By Dennis Chaptman
This map looking at soybean crops in the Upper Midwest shows how yields are predicted to vary even within the same county. Researchers are trying to verify their estimates by working with farmers to determine their actual yields.
Images captured from satellites orbiting 440 miles above the Earth tell a powerful, richly detailed story about crop yields—revealing the lushness or deficits of fields with surprising precision.
With the help of about 100 farmers so far as part of a citizen science project, researcher Phil Townsend and his team hope to coax even more valuable information from the satellite photos and change how farmers’ yields are reported and analyzed.
“The reporting of crop yields is now done at the county level with information confidentially reported by farmers to the USDA,” says Townsend, a professor of forest and wildlife ecology. “Counties can be very large. We now have the ability to analyze yields at the field level with these images, giving us much more accurate and granular data.”
By tracking the greenness of fields from the satellites and analyzing climate data, researchers hope to identify impacts of insect pests, crop diseases and weather events like frost, tornados or hail.
First, however, they needed to test their yield estimates against farmers’ actual yields. So Townsend’s team developed a website—yieldsurvey. wisc.edu—that allows researchers to confidentially crowdsource crop yield information. Townsend is encouraging even more submissions.
Farmers can enter their field’s location by dropping pins on a Google map, along with the type of crop and the actual crop yield for as many seasons as possible. The information is then analyzed and compared to estimates developed in Townsend’s lab.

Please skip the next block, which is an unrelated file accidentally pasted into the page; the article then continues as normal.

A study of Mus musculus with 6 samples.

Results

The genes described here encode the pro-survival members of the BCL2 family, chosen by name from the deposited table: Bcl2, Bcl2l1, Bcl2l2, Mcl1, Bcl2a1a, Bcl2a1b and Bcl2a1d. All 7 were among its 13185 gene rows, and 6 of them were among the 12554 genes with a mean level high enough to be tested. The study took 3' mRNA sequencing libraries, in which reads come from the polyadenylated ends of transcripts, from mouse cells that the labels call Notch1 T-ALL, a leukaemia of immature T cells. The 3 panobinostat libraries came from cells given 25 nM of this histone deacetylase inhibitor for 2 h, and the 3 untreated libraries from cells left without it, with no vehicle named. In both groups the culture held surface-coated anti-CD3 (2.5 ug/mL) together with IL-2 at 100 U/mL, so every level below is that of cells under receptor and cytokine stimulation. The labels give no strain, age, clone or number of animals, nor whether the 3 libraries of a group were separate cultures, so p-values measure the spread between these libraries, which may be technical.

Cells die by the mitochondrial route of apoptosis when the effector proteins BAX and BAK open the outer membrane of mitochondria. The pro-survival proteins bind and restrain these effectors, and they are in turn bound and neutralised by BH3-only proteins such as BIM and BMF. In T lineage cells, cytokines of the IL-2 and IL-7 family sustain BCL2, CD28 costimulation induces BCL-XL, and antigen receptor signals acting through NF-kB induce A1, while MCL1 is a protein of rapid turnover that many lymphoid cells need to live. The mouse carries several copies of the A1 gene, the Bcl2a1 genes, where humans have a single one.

“Our yield estimates are within about 15 percent of what the farmers report,” Townsend says. “Our target is to get that down to 10 percent. If you’re a farmer, the closer you can get to that could be the difference between making money and breaking even.”
Citizen science is a two-way street—it helps researchers tweak their estimates based on real data, and those more accurate numbers can help farmers be more productive and better managers.
Ultimately, Townsend says, the satellite technology and climate data, refined by knowing the actual yields from participating farmers, have the potential to predict crop yields well before harvest time.
Farmers see promise in the new approach, says Kevin Erb, a UW–Extension agronomist based in Green Bay.
“Farmers benefit from using remote sensing technology,” Erb says. “If we know early in the season that we have the potential for above-average yields, that can affect the types of pesticides and fertilizers that you use during the season.”
Being able to make decisions during the season based on this sort of predictive data could increase profits $50 or more per acre, Erb says.
Townsend’s team is cooperating with the USDA and hopes to snag funding to broaden the project. The effort is an example of the Wisconsin Idea at work, Townsend says.
“We have to connect with our constituents, and that’s where crowdsourcing and citizen science comes into play,” he says. “Farmers are participating in the science, and they see the benefits. It’s building trust.”